The birth of a dynasty: How Golden State faces added pressure for being so great

The birth of a dynasty: How Golden State faces added pressure for being so great

Henry Schweber

An NBA record 73 wins last year (albeit with a championship loss that far too many internet commenters like to mention), on pace for 70 wins again (which would be the first time in NBA history with back to back 70 win seasons), yet nothing to show for it.

Yet.

With one of the most talented teams in NBA history, including two time MVP Stephen Curry, recent free agent signee and former MVP Kevin Durant, sharpshooter Klay Thompson and perennial DPOY candidate Draymond Green, the Warriors look poised to dominate the league.

That’s where the problem lies: with four all-star caliber players. They’re expected to win and anything less than a championship can be considered a failure. That’s immense pressure to put on any team, especially one that will probably have to face one of the best players in NBA history, LeBron James, in the NBA Finals.

We can draw a parallel between these Warriors and LeBron’s Heat in 2012. LeBron left Cleveland to join up with superstars Dwayne Wade and Chris Bosh in Miami, and everyone was talking title. With big stars, however, come big egos, and there were some rough patches in the season for them. Still, they advanced their way through the playoffs and went up against the Dallas Mavericks in the Finals. If the Heat were to win, everyone would say that’s expected of them because of all their talent, and there wouldn’t be much praise. If the Mavericks were to win, the Heat would be lambasted and critiqued, which is exactly what happened.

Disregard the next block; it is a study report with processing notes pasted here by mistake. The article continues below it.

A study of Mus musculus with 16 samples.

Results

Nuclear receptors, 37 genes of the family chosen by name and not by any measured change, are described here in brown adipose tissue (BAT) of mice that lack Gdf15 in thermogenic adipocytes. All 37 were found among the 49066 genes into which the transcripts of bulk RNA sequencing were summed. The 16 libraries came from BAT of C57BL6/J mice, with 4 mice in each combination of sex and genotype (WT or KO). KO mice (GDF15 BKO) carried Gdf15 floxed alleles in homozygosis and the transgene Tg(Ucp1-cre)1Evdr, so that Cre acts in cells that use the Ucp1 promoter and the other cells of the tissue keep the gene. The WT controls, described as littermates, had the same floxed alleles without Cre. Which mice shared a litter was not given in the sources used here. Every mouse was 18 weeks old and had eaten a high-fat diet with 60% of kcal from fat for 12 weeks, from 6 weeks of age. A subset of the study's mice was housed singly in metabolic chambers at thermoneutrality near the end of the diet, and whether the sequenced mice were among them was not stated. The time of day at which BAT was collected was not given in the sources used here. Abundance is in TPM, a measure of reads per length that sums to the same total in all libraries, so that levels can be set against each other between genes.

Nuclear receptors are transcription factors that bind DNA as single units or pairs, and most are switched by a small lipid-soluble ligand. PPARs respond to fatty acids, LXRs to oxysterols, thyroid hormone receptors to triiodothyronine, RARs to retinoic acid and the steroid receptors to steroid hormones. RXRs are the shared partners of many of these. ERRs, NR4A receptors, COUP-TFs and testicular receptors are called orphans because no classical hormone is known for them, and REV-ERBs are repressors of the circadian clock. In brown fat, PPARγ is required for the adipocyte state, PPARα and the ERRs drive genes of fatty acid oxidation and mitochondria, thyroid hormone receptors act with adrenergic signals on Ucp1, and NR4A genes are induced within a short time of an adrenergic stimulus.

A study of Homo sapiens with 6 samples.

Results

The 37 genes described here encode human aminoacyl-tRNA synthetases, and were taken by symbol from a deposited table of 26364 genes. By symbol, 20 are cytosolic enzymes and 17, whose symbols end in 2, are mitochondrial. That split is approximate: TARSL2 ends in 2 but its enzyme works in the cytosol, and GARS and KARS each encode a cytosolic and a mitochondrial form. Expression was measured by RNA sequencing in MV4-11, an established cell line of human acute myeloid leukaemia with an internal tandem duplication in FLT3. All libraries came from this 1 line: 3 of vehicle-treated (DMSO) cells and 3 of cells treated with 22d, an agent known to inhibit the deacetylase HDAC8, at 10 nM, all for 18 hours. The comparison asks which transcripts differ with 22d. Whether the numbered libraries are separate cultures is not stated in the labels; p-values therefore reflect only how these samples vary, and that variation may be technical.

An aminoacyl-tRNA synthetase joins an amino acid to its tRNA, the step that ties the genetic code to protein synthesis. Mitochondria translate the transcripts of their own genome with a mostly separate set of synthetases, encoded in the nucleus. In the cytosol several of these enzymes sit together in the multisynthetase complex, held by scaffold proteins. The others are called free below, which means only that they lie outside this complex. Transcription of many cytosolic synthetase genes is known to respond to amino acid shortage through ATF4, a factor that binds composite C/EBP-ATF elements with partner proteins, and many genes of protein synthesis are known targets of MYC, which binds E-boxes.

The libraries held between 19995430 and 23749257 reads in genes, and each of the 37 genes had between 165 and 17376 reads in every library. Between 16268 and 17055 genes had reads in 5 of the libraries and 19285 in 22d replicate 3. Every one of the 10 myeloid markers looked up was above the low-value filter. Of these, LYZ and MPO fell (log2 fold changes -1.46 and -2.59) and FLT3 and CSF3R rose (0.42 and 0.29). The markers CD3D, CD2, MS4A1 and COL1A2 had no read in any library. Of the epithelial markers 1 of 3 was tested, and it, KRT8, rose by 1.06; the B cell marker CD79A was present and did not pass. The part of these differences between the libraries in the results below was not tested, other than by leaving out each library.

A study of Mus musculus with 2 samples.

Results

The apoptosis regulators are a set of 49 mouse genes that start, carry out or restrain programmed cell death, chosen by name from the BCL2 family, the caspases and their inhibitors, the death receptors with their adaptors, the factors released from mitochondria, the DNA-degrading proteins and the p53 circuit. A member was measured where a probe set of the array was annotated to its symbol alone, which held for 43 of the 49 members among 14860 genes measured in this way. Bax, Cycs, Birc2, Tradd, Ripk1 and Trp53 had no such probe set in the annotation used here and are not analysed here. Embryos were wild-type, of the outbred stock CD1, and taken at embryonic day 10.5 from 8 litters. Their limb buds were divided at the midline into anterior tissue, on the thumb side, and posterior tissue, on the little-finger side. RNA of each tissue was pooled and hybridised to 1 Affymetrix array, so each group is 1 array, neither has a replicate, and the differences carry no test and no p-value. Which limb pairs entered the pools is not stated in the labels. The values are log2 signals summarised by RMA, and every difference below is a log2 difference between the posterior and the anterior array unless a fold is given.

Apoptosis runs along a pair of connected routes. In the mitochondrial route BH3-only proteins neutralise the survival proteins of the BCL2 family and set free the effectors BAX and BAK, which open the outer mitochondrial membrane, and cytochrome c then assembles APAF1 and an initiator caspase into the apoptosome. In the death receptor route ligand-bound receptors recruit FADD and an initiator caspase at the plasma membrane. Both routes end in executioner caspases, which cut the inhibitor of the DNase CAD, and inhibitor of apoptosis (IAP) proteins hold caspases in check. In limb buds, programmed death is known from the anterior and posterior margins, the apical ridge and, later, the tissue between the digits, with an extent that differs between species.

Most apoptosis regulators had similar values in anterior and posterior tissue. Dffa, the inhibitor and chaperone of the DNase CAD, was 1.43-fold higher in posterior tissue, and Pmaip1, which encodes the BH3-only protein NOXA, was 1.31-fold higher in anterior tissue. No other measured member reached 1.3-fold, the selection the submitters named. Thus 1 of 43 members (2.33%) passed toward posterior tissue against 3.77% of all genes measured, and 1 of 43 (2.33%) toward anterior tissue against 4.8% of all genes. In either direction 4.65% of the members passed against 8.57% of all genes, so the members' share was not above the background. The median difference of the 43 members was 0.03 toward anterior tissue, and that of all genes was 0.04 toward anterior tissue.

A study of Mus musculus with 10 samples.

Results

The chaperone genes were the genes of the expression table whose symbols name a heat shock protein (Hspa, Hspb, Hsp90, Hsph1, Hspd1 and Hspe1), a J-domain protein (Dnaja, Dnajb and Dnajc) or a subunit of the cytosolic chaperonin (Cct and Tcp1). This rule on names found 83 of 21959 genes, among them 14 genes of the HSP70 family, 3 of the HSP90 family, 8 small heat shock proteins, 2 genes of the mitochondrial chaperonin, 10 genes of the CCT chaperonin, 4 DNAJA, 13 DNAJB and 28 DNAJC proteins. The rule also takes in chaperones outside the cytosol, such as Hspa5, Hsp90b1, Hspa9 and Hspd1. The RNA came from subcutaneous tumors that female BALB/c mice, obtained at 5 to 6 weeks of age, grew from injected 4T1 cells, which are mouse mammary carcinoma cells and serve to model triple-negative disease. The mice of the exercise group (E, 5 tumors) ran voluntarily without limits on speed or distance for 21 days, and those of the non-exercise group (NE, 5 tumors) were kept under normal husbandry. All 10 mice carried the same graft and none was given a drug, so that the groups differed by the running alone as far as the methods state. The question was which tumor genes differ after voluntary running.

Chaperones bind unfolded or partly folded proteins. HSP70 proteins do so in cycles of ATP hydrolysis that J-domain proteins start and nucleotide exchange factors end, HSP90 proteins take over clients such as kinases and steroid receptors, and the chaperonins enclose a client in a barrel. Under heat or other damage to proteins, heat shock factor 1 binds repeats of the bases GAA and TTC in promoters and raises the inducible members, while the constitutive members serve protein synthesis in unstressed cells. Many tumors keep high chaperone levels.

The Warriors may suffer the same fate as they did last year: being the favorite and not winning. But this year seems different. Players are more confident, there’s almost no locker room turmoil and they’re blowing teams out on a nightly basis. Coach Steve Kerr no longer has to worry about chasing a win total record – they already have that. He can focus on resting guys when they need it, figuring out different lineup configurations and keep his players focused on the main goal: winning a title.

The biggest problem for the Warriors is more of an unfamiliar foe – themselves. As we saw last season, the Warriors are an unbelievable basketball team, and they know it. That’s where some problems came into play. Their knowledge of their greatness led to some tendencies where they got too comfortable in games and let a lead slip away, or where there was some sloppy play due to their overconfidence.

They have the talent and the coaching to reach heights only achieved by a select few in league history, but it’s all a matter of mental toughness.

And, well, stopping LeBron wouldn’t hurt, either.